Fake it till you make it. The amount of times I’ve casually thrown this phrase around in conversations, coupled with a slight eye roll, to garner light chuckles should have been indication that this was not a philosophy realistic enough to be taken seriously. But what did I do? I turned this phrase into my action plan and proceeded to fake it till I made it to UCLA.
That was, up until my first English lecture, when the girl who sat next to me threw together the phrases “rectification of the binary domination” and “representational epistemology” (all in one breath) to address the novel, effectively shooting my long-term plan down the drain. I shot her a dumbfounded look — man, and here I thought I was good at literature.
To say the least, I felt intimidated by my inadequacy within the high-pressure UCLA academic environment. Had I aimlessly underplayed my abilities and held myself to a lower standard until I was ultimately a fraud, someone who wasn’t good enough to be here?
This question may plague many UCLA students today, likely because of the chaotic struggle to stay ahead of nearly 45,000 others on campus who are just as highly successful and motivated, if not more. Even Oscar-winning actress Viola Davis feels similar symptoms. In fact, there’s a term for this: impostor syndrome.
[Related: Life as an average UCLA student ]
Pauline Rose Clance and Suzanne Imes, two clinical psychologists, first introduced this phenomenon as “an internal experience of intellectual phoniness,” especially for women. Individuals often have a high degree of perfectionism and performance anxiety along with a low sense of control and self-acceptance. A fear of being found out as an impostor exists because one’s success and intelligence seem undeserved.
Since then, this definition has expanded to include both genders and is now commonly known to occur “among high achievers who are unable to internalize and accept their success.”
Those who experience the impostor phenomenon attribute success to an external locus of control, factors that are outside their realm of control. Despite studying several days in advance, these individuals may believe an A they received on a midterm was due to the luck of the draw or a lenient teaching assistant. Reaching the conclusion that their success did not come from any personal contributions leaves feelings of satisfaction and internalization out of the equation.
However, for people experiencing impostor syndrome, failure is attributed with an internal locus of control – factors that the individual has full responsibility for. When the second midterm doesn’t go well, people often attribute responsibility to their own attributes, such as a lack of competency or hard work, which makes failure even more traumatic. The exaggeration of failure over success contributes to the persistent feeling that one is only an impostor, with only failure after failure under their belt.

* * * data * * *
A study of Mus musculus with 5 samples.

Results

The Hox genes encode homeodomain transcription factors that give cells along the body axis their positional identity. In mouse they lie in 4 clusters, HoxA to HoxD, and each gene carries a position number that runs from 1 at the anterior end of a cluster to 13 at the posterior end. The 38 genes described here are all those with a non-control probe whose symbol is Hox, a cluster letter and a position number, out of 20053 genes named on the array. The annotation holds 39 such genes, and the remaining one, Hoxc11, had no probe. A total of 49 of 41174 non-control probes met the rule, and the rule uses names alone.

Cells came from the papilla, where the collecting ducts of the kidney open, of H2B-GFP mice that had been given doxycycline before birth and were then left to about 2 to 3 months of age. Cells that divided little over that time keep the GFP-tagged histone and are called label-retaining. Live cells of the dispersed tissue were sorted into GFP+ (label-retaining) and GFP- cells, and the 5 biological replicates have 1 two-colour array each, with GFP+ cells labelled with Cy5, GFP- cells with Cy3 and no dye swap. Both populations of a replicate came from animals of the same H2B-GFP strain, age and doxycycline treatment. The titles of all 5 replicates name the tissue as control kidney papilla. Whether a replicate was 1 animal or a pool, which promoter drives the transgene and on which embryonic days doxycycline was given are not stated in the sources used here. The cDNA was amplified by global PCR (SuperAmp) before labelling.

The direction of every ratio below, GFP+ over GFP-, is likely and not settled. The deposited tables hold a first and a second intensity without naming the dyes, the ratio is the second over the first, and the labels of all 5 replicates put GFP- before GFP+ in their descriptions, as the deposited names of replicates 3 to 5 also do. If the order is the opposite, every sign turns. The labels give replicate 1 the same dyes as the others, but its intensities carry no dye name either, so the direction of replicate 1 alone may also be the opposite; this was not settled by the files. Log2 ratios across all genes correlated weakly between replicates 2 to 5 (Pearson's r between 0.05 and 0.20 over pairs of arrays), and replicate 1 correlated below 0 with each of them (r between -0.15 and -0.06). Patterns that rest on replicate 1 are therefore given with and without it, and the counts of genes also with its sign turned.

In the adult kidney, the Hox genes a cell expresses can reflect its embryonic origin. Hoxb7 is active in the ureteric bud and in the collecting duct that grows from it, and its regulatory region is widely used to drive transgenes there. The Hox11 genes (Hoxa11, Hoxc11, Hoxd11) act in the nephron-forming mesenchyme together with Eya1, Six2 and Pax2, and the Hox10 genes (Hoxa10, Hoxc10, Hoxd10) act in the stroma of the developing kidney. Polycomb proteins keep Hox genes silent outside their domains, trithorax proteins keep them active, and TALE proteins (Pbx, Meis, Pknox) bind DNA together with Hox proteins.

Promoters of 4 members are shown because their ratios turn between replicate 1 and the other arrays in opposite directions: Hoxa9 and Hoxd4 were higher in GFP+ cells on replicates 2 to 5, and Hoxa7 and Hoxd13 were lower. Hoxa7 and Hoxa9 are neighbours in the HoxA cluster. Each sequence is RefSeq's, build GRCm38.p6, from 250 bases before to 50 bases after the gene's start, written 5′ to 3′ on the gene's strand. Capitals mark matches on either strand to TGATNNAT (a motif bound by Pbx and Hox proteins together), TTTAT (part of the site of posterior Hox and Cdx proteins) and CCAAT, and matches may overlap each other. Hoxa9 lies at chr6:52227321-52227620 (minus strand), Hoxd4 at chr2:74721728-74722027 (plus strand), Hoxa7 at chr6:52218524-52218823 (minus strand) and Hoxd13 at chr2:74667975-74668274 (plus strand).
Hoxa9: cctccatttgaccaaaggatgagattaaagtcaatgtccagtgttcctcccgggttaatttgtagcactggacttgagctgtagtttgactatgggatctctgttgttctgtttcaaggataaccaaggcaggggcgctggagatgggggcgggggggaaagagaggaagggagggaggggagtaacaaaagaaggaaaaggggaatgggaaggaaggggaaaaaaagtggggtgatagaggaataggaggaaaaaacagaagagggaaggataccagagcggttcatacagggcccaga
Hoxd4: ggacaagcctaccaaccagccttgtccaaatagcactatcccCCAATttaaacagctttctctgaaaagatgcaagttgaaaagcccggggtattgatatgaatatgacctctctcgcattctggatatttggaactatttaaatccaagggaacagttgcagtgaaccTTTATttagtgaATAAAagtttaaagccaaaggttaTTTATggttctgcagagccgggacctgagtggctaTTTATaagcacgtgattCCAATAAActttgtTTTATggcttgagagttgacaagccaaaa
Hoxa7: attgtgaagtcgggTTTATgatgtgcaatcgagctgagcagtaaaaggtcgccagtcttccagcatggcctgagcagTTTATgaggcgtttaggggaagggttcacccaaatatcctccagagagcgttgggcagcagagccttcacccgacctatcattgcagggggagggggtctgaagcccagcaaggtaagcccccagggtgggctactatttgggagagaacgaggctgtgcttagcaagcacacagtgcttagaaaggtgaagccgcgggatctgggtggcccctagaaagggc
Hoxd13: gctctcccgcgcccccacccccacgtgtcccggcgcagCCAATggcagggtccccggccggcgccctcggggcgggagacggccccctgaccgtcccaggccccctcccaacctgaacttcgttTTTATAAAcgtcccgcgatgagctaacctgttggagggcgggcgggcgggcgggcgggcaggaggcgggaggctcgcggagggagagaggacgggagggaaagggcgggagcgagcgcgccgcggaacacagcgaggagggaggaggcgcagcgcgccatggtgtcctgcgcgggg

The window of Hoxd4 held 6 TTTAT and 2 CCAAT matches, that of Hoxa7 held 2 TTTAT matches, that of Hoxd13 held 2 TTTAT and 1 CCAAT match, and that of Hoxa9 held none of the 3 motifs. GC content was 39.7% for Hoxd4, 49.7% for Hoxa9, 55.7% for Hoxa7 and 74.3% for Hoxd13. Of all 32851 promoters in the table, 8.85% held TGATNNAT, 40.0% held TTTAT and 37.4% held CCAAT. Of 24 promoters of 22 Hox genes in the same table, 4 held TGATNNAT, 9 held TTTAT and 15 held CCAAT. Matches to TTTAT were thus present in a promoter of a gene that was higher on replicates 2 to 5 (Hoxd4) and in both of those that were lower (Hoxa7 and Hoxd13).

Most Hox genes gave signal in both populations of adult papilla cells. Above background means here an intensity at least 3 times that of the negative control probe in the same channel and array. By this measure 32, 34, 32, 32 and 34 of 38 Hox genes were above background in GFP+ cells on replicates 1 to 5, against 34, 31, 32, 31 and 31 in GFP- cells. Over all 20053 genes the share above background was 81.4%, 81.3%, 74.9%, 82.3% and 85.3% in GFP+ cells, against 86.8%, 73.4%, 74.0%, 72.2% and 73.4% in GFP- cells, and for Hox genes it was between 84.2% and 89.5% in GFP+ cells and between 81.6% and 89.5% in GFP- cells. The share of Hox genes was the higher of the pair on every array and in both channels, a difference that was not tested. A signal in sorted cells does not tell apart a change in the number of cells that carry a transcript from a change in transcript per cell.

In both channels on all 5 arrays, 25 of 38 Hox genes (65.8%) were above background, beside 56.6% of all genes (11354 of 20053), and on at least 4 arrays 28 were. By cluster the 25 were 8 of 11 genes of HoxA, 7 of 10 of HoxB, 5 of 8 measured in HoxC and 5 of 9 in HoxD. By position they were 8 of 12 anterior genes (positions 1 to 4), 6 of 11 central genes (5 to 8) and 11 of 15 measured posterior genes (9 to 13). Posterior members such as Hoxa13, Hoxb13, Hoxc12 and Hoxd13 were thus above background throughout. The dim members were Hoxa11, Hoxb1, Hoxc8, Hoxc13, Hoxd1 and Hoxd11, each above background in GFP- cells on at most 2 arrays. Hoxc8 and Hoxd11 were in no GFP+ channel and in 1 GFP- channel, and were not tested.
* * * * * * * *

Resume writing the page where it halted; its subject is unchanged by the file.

Amy Cuddy, a professor at Harvard University, encourages individuals to be transparent and open about their experiences with the impostor syndrome. It is only when we understand that there are others who feel the same way that we can correct our self-assessments. Clance herself does not believe the impostor syndrome is a diagnosable syndrome or illness but rather an experience that people often come across.
To stigmatize the impostor phenomenon as a syndrome may be counterproductive and aggravating toward one’s sense of impostorism and abnormality. Rather, a feeling of impostorism could just be a common byproduct of intense stress and lack of social support. A more productive alternative would be to engage in a collective conversation about the root of this phenomenon: an overwhelming fear of success.
There exists the fear of owning up to the idealization of success, to constantly have to perform well and meet one high-reaching expectation after another. In order to seek comfort and a safe zone, failure becomes a more tempting alternative charged by our eagerness to dismiss the exhausting standards of success. This leniency toward failure becomes the very basis of the impostor syndrome.
The truth is, you are not a fraud, but a high-achieving, perfection-seeking, yet self-protecting individual among similar-minded people. And I’d dare say, on behalf of your family, friends and peers, that it’s normal to feel this way, so make sure to hold onto your token of sanity come time for finals.